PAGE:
Brahma Sutras – According to Shankara 3-2-2

Topic 2 - The soul in dreamless sleep

Now the state of deep sleep or Suṣupti is taken up for discussion.

 Sutra 3,2.7

तदभावो नाडीषु, तच्छ्रुतेः, आत्मनि च ॥ ७ ॥

tadabhāvo nāḍīṣu, tacchruteḥ, ātmani ca || 7 ||

tat-abhāvaḥ—Absence of that (dreaming), in other words Suṣupti; nāḍīṣu—in the nerves; ātmani ca—and in the self; tat-śruteḥ—as it is known from the Śruti;

7. The absence of that (dreaming, i.e. dreamless sleep takes place) in the nerves and in the Self, as it is known from the Śruti.

In different texts Suṣupti (deep sleep) is said to take place under different conditions.

And when a man is asleep . . . so that he sees no dreams, then he has entered into those nerves (Nāḍis)” (Chh. 8 . 6 . 3); “

Through them he moves forth and rests in the pericardium, i.e. in the region of the heart” (Brih. 2. 1. 19);

When this being full of consciousness is asleep . . . lies in the ether i.e. the real Self which is in the heart” (Brih. 2.1.17).

Now the question arises whether Suṣupti takes place in any one of these places, i.e. whether these are to be taken as alternatives, or whether they are to be taken as standing in mutual relation so as to refer to one place only.

The opponent holds that as all the words standing for the places enumerated are in the same case, i.e. the locative case, in the texts, they are co-ordinate and therefore alternatives.

If mutual relation was meant, then different case-endings would be used by the Śruti.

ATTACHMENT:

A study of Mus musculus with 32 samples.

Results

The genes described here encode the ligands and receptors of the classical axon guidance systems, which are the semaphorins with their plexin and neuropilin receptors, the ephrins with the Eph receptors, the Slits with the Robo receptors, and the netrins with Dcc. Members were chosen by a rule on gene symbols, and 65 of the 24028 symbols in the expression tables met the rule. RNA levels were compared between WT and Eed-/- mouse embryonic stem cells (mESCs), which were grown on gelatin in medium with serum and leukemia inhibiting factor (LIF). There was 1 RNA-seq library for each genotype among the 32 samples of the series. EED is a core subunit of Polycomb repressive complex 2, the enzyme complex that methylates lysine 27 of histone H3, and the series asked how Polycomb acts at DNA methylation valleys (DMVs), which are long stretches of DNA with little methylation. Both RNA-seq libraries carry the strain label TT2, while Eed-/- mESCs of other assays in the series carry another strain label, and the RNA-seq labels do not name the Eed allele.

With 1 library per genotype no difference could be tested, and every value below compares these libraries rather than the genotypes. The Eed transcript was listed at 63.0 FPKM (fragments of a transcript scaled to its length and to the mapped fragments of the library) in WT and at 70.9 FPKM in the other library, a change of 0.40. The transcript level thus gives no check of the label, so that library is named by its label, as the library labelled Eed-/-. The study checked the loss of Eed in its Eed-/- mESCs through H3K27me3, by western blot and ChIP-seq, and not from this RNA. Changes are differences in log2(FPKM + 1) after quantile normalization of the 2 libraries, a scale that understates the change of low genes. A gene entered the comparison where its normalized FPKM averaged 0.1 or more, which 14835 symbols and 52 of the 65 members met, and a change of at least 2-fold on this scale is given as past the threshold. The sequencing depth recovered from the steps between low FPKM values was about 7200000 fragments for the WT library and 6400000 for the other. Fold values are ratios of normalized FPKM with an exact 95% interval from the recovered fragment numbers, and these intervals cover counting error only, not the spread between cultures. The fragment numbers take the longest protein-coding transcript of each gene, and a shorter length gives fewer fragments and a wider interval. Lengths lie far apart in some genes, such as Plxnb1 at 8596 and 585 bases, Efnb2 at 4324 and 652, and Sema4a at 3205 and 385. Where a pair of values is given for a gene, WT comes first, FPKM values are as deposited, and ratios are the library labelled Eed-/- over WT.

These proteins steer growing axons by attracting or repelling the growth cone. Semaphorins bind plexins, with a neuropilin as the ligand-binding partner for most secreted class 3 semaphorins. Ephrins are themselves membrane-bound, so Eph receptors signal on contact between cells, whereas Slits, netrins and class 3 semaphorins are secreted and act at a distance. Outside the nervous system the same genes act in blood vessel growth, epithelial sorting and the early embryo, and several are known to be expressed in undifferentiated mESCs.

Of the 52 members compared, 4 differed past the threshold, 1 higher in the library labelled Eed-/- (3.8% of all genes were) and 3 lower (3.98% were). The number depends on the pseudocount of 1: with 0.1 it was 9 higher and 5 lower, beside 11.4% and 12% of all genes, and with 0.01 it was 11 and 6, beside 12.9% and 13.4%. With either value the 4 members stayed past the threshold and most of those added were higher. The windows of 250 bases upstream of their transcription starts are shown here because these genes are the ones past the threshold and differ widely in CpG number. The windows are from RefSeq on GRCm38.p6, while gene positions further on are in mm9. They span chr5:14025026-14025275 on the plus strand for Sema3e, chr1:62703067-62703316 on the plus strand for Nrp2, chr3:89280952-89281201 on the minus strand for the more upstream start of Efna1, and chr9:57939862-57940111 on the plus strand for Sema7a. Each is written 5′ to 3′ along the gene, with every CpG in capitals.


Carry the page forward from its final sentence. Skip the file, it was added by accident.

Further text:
This Sutra says that they are to be taken as standing in mutual relation denoting the same place.

There is no alternative here, for by allowing option between two Vedic statements we lessen the authority of the Veda, since the adoption of either alternative sublates for the time being the authority of the other alternative.

Moreover, the same case is used where things serve different purposes and have to be combined, as, for example, when we say, “He sleeps in the palace, he sleeps on a couch,” where we have to combine the two locatives into one as “He sleeps on a couch in the palace.”

Similarly here the different texts have to be combined, meaning that the soul goes through the nerves to the region of the heart and there rests in Brahman.

It may be questioned why, then, in deep sleep we do not experience the relation of supporter and that which is supported with respect to Brahman and the Jīva.

It is because the individual soul covered with ignorance is lost in Brahman even as a pot of water in a lake and so has no separate existence:

He becomes united with the True, he is gone to his own (Self)” (Chh. 6. 8. 1),

Moreover, in the following text the three places are mentioned together, “In these the person is when sleeping he sees no dreams. Then he becomes one with the Prāṇa (Brahman) alone” (Kau. 4, 20).

Hence Brahman is the soul’s place of rest in deep sleep.

Sutra 3,2.8

अतः प्रबोधोऽस्मात् ॥ ८ ॥

ataḥ prabodho’smāt || 8 ||

ataḥ—Hence; prabodhaḥ—awakening; asmāt—from this.

8. Hence the awakening from this (i.e. Brahman).

In the same manner, my son, all these creatures, when they have come back from the True, know not that they have come back from the True” (Chh. 6. 10 . 2).

In this text the Śruti states that when the Jīva returns after deep sleep to the waking state, it returns from the True or Brahman, thereby showing that in Suṣupti Jīva is merged in Brahman and not in the nerves Hitā etc.

But as it is covered by ignorance it does not realize its identity with Brahman in Suṣupti.